By LEW FREEDMAN
Wyoming hunters killed the established limit of 44 wolves during the state’s first gray wolf season since 2013.
Ken Mills, Game and Fish’s chief wolf biologist out of Pinedale, said the season that ran from October through Dec. 31 did not produce any significant surprises.
“It was mostly what we expected,” Mills said last week. “It got off to a really fast start in October, really slowed down in November, and it picked up again in December when it snowed.”
While the quota of 44 was hit exactly, it was reached in an inexact manner.
The total of 44 was matched, but the quota was one over in three areas and one under in three others.
Wyoming was able to supervise a hunt for the first time since 2013 after a federal court ruled earlier in 2017 the state’s management plan was acceptable.
It had previously been established the gray wolf in Wyoming was not endangered and G&F authorized hunts in 2012 and 2013. The hunting hiatus occurred during the court challenge.
The information from all hunt areas and what took place in the field goes to Mills for analysis. An evaluation report should be issued by April 1, he said.
That data will be used when setting future area quotas for a 2018 fall hunt.
“We’ll look at it as we go forward,” Mills said. “There might be talk about season dates.”
While hunters would consider the season a success, some of those who opposed any Wyoming wolf hunting continue to object.
The organization “Protect the Wolves,” a Native American non-profit group, issued its own analysis of the hunt, stating in extra-large letters, “Wyoming has needlessly slaughtered 44 possible Park wolves.”
That refers to the group’s belief the wolves could be some of those who roamed outside of Yellowstone National Park or Grand Teton National Park where they are protected and no hunting is allowed.
The group is lobbying for a buffer zone between the park boundaries and hunt areas.
Also cited were the deaths of 32 other wolves basically because of livestock killings or other confrontations.
“Protect the Wolves” has also asked for more stringent rules governing Wyoming hunts related to time-of-day, radio-collared wolves and other things.
“Our Sacred Yellowstone and Teton Wolf Brothers are being ruthlessly slaughtered in Wyoming,” the statement said. “Our Sacred Grizzly Brother will be next.”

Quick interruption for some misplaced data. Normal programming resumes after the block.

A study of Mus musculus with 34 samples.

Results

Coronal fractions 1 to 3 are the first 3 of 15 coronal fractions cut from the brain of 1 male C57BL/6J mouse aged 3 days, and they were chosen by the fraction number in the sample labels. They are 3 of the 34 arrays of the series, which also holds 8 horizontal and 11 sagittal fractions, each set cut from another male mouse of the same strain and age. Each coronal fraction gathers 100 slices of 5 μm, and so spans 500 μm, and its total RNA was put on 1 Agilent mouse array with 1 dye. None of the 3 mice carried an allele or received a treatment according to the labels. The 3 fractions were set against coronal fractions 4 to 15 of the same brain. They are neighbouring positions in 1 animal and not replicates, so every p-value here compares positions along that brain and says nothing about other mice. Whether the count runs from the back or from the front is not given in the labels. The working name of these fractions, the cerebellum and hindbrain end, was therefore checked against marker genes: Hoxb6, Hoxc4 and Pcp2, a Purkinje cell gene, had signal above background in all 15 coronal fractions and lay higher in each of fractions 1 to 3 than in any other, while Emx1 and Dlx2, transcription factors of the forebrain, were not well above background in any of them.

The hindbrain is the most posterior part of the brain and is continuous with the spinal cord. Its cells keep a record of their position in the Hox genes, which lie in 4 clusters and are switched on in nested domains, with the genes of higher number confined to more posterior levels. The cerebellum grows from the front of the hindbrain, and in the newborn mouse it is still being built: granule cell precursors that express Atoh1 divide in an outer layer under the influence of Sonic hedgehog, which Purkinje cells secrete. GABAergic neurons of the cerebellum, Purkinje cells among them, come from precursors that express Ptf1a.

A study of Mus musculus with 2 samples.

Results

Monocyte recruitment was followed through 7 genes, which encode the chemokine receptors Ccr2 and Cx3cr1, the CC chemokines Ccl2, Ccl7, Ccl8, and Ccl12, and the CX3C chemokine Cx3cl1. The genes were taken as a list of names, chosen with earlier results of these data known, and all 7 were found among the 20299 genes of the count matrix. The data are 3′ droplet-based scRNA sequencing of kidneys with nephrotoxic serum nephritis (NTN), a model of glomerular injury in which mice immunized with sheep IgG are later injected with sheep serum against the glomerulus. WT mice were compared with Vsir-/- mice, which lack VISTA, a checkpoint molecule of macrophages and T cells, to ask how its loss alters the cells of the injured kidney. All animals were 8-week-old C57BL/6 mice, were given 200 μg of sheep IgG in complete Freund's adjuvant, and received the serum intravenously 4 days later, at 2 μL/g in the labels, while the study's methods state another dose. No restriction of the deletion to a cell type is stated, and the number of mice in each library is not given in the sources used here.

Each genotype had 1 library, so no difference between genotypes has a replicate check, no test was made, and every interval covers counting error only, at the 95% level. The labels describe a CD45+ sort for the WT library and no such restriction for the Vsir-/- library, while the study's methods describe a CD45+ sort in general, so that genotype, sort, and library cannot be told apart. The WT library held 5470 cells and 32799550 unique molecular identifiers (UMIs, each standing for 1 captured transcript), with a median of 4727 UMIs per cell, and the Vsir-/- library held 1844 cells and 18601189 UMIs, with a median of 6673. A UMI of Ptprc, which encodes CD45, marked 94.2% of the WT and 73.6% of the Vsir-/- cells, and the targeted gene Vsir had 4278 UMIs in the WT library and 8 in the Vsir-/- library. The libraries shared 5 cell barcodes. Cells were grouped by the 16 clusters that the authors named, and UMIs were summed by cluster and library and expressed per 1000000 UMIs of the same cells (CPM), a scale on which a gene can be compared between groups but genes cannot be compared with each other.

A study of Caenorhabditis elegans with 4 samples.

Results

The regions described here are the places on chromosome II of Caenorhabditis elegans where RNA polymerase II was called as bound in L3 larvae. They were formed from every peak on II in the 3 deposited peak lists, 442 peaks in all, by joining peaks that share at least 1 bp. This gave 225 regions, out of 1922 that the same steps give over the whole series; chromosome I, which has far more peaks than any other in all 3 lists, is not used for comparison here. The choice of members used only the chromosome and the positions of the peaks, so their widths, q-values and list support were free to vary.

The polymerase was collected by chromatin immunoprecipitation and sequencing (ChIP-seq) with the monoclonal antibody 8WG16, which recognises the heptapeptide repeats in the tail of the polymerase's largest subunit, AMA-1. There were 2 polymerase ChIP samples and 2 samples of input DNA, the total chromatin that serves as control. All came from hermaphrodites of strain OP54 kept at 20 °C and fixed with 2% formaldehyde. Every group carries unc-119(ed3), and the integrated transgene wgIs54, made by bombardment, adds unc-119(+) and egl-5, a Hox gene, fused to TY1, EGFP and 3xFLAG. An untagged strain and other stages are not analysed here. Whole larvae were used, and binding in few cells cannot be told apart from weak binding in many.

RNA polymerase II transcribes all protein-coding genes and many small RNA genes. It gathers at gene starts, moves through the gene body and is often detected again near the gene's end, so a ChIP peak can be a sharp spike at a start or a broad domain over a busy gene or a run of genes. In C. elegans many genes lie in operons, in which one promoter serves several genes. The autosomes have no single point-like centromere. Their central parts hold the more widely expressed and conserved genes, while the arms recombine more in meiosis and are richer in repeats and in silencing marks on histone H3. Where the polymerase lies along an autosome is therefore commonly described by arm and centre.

A hoped-for meeting with G&F director Scott Talbott did not occur.
“The only language (the) Wyoming Game and Fish director will understand will be that coming from a judge,” the statement added.
Now that the hunt is over, G&F is beginning its regular monitoring of the wolf population, starting this month in northwest Wyoming.
Hunting is part of the state’s overall management plan and so is the monitoring.
Helicopters are used and they employ “net gunning,” in the words of Dan Thompson, large carnivore supervisor out of Lander.
Specially designed nets are propelled from a gun to land over wolves. The wolves are darted, fitted with radio collars and biological samples taken.
In some cases, wolves are trapped, Thompson said. Where trapping is involved, signs are posted warning hikers, people with pets or land owners in the area.
This work was assumed by G&F from the U.S. Fish and Wildlife Service after the court ruling and is the first time in a couple of years the department has been charged with the task.
“We have to demonstrate the population is meeting recovery standards,” Thompson said.
Mills said all of this information – and more, such as the livestock depredation by wolves – is fed into the decision-making process in setting hunting seasons.
“What can we do to adjust to make things better?” Mills said of the process. “There could be minor adjustments.”